Three simple reasons people (truly) love their jobs

IT'S A NEW DAY3.jpg

In February 2010, we launched our first pilot project to better understand the work-life-community-mindset, which was just beginning to emerge along with the acceleration of mobile technology and the rising influence of Millennials and GenZ.

This February, we’re celebrating Valentine’s Day by sharing what we’ve learned over the last eight years about why people love their jobs in today’s turbulent and changing culture.

So what are the reasons people truly love their jobs? In the mind of today’s employee, it boils down to three things.

Reason 1: “You get me.”

People who love their jobs are more likely to make comments like this one:

“My company makes a genuine effort to match my job duties and work conditions with my strengths and preferences.”

This means more than just positive reinforcement and real-time feedback for growth. The hundreds of employees interviewed by our team over the years are most delighted when their employers take the time to help them understand themselves, as well as how they are suited for a particular job.  

“Millennials feel underutilized and believe they’re not being developed as leaders.” 2016 Deloitte Millennial Survey

Tools like the DiSC and Myers-Briggs Type Indicator are useful; however, faster, cheaper alternatives are now available and can work just as well. For example, our next generation workplace culture tools include a diagnostic that can help instantly empower an employer to:   

  1. Offer leadership roles to appeal to employees who are "Accelerators."
  2. Offer socializing opportunities to appeal to "Interactors."
  3. Offer dashboards and giveaway opportunities to appeal to "Enterprisers."

Reason 2: “I’m human.”

People who love their jobs are more likely to make comments like this one:

“My company treats me like a real person.”

The net-net here is that employees want their employers to acknowledge that they have a life outside of work, care about their health and wellness, and enjoy being involved in their communities.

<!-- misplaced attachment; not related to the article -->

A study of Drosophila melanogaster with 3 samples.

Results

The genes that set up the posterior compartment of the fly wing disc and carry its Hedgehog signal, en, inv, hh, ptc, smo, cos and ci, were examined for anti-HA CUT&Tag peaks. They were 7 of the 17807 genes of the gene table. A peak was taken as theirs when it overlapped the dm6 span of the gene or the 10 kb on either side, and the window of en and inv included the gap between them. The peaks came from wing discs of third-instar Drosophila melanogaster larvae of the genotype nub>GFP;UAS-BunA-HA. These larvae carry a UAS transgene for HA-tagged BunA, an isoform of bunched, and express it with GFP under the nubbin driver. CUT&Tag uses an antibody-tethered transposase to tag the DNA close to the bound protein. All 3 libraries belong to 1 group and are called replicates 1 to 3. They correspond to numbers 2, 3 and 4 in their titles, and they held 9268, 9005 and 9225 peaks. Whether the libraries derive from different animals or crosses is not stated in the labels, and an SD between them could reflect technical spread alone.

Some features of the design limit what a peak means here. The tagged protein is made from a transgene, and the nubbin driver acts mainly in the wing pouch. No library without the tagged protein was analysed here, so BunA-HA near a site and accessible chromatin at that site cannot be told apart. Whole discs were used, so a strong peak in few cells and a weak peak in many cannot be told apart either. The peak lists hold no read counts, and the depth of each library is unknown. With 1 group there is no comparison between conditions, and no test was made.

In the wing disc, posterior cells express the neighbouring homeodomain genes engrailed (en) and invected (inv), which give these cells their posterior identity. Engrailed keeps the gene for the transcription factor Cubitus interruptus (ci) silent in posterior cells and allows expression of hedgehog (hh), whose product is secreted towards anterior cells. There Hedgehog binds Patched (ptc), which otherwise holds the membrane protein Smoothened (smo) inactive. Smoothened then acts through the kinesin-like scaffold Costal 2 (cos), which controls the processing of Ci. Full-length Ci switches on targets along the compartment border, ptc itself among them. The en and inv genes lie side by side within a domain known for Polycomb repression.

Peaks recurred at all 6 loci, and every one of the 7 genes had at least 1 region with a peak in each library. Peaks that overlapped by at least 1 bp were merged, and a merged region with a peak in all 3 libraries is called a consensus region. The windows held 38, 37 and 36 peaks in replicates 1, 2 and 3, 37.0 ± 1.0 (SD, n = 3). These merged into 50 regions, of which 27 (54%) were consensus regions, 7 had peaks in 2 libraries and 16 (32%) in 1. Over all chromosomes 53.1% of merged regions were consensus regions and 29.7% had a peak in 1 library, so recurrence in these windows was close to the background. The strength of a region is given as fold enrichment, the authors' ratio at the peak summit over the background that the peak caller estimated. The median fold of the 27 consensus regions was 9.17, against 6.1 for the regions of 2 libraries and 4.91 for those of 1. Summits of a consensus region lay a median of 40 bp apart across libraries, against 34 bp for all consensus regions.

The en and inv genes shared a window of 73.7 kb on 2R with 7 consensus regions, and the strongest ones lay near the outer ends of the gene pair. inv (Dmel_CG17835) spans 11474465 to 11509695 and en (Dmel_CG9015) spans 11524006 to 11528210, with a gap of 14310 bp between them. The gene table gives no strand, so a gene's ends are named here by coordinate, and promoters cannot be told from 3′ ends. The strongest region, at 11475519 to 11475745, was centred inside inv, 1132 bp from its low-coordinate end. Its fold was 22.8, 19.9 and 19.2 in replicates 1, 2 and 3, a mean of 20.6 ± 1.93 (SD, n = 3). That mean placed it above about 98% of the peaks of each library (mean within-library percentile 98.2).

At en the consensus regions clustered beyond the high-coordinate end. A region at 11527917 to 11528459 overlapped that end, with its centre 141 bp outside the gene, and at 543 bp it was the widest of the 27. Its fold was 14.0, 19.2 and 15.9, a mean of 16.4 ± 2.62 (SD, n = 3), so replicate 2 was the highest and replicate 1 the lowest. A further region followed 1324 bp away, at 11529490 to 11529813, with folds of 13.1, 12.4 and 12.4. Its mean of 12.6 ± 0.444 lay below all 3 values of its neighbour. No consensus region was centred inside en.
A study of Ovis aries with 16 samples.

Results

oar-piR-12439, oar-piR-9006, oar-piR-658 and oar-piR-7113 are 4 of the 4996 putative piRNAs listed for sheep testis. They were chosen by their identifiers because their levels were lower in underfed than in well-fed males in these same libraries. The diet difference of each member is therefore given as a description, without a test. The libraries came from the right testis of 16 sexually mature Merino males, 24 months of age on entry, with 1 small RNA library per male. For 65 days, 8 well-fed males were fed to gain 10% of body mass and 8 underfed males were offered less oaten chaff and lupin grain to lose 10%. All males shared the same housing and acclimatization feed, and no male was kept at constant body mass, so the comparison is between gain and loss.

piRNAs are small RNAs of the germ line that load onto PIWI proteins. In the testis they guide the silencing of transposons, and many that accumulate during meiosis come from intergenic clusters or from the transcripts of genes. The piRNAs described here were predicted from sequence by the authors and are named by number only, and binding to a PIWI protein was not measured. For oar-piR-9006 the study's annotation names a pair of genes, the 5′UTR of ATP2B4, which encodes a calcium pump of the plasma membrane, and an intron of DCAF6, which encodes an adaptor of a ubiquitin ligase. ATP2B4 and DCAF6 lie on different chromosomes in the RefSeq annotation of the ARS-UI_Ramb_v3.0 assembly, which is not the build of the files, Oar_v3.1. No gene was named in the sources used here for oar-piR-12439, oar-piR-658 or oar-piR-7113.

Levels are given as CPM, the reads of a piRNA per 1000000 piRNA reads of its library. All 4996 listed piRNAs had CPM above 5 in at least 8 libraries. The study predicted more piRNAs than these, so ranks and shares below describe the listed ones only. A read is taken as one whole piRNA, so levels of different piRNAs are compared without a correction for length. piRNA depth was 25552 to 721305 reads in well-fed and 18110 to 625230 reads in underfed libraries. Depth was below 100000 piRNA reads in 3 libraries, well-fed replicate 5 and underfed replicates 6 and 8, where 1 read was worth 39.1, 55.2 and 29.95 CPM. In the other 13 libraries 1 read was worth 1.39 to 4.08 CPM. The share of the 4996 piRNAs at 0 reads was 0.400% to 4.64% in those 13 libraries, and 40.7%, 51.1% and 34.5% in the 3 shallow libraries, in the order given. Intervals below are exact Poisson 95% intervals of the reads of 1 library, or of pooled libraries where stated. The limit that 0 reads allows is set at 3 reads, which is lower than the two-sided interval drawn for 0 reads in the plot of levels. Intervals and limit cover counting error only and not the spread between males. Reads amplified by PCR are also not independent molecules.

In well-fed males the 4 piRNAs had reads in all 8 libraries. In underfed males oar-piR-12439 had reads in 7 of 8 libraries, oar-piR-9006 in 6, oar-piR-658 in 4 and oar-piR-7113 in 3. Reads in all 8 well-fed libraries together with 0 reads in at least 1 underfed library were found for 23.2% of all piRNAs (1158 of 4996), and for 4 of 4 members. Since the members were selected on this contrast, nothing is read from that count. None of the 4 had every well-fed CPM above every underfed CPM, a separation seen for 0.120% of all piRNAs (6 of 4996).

A productive, positive employee experience has emerged as the new contract between employer and employee. Deloitte's 2017 Global Human Capital Trends Report

Employers can make huge strides by understanding just a few factors about employees’ favorite healthy habits, purchasing preferences, and productivity zones. That’s because these data points in turn allow a company to make small tweaks with big ROI, like these:

  1. Optimize menu options, activities, and timeframes for employee events.
  2. Add low-cost perks to match employee health priorities.
  3. Evaluate office hours based on mix of employee energy levels.  

Reason 3: “Celebrate!”

People who love their jobs are more likely to make comments like this one:

“My company actively celebrates a culture of community.”

Celebrating a social impact culture is frequently cited by company leaders as the “secret sauce” for maintaining high levels of engagement. Wrapped into employers’ branding strategies now more than ever, community engagement has become a key factor for boosting a company’s reputation as a good place to work.

69% are likely to apply to a job if the employer actively manages its employer brand (e.g., responds to reviews, updates their profile, shares updates on the culture and work environment). Glassdoor U.S. Site Survey, January 2016

Still, there are hundreds of combinations of social impact activities available as part of a single workplace program. Many workplace programs include several of the following options for employee engagement:

  • Giving to charities
  • Volunteering
  • Serving on boards
  • Purchasing products that support a cause
  • Celebrating at community events
  • Recycling
  • Donating food and clothing
  • Marketing favorite causes
  • Sharing with colleagues in need
  • Caring for health and wellness

Understanding the right mix of “ways to do good” based on employee preferences is the key to cost optimization, program participation, and community impact. Here are three disciplines of employers who know how to unlock the “secret sauce” of social impact culture to increase the odds that their employees love their jobs:

  1. Focus community activities the top three preferences.
  2. Reduce activities that are least popular.
  3. Use statistics in recruiting materials to show a culture of engagement.

To help you understand what today’s changing employee mindset means to your company, be sure to seek out fast, simple, and inexpensive tools to gather data and help boost retention, productivity, and recruiting success--without disrupting your company’s programs that are already in place and working well.